The district has a number of Archeological objects of interest, in which the temples form the main chunk. Of the ancient temples of Mandi town, it may be said in general that the architecture is good. they are chiefly in stone and in style with the Shikhara temples of the plains. They consist of a cella, surmounted by a saphire and a porch usually decorated with carvings. The saphire is of the usual type. In sancturies of a later time, however, it assumes the shape of a dome, in consequence of which they appear more like mosques than Hindu temples. The larger and more important temples are also furnished with an anteroom or mandap.    


TRILOKINATH TEMPLE:


It is a Shiva temple erected in stone in the Shikhara style. The cella contains a lefe-sized three faced stone image of Shiva who is riding on a bull with Parvati in his lap. There is also a second image, probably of Shiva, which is much worn out. The workman throughout is good but the carving has  suffered much from neglect and is much worn owing to the soft nature of the sandstone employed but is still one of the finest monuments. The image which it enshrines is connected with the rite of Sati, in which a woman whose husnabd would die would burn herself on the funral pire. Such a woman was brought to the temple before she mounted the pire and was shown the face at the back of the idol.

 

THE PANCHVAKTRA TEMPLE:


At the confluence of the Beas and Suketi is a Shikara temple evidently of considerable age and dedicated to Shiva, under the name of Panchvaktra (the five-faced one). the main porch or mandap is supported on four heavy pillars, the capitals of which are carved in flower-pot design and the bases in rosettes of lAt the confluence of the Beas and Suketi is a Shikhara temple evidently of considerable age and dedicated  to Shiva, under the name of Panchvaktra (the five-faced one). the main porch or mandap is supported on four heavy pillars, the capitals of which are carved in flower-pot design and the bases in rosettes of lotuses. The main image is of some interest, since the five faces are not placed in one row as is usually the case with polycephalic statues, but in such a way that the fourth face is on the reverse side of the slab which is otherwise quite plain and fifth on top of the image slab. thus when seen from the front, only three faces are visible. The number of arms is ten. Such images of the five-faced Shiva are not uncommon in Mandi.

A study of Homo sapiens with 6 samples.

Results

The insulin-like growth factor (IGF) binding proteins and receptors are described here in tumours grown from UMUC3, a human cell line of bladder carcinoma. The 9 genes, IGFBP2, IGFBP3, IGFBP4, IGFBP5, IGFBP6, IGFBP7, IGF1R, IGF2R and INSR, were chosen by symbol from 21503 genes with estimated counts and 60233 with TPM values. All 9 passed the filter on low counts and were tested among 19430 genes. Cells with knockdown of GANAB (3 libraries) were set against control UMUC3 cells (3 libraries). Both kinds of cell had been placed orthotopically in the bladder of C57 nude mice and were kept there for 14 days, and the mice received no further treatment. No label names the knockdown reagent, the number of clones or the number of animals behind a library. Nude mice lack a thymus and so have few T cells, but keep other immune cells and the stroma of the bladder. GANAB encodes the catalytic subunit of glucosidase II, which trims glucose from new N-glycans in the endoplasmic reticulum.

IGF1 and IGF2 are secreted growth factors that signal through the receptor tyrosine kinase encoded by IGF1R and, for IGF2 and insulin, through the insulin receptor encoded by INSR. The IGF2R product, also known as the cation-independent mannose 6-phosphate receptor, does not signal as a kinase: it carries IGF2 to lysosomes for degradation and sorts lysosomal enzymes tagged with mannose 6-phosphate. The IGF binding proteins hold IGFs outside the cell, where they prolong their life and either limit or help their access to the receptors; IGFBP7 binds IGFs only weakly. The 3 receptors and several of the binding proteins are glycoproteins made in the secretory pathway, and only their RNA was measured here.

THE SALANU ROCK INSCRIPTION:


The oldest archaelogical record is the inscription on a rock at Salanu about 1 1/2 miles from Manglaur which is ascribed to the fourth or fifth century. It simply records that a Maharaja Sri-Chandesvara-hastin, who was the son of a Maharaja Ishvara-hastin, and belonging to the family of Vatsa, conquered in battle a Rajjila-bala and founded a town of which the apperently was Salipuri, presently the present village of Salri situated near the site of the inscription. These names are of no historical importance as their relationship is unknown.



 

THE BHOOTNATH TEMPLE: 


The most popular shrine in Mandi is that of Bhuth Nath who is venerated as the guardian of the town and represents Shiva in his attributes. The temple is of stone in the Shikara style, consisting of a small porch

 and cella surmounted by a spire. The sabha mandap in front is apperently and addition. The porch is supported by fluted pillars with capitals carved in elephants, the arch between being trefoil.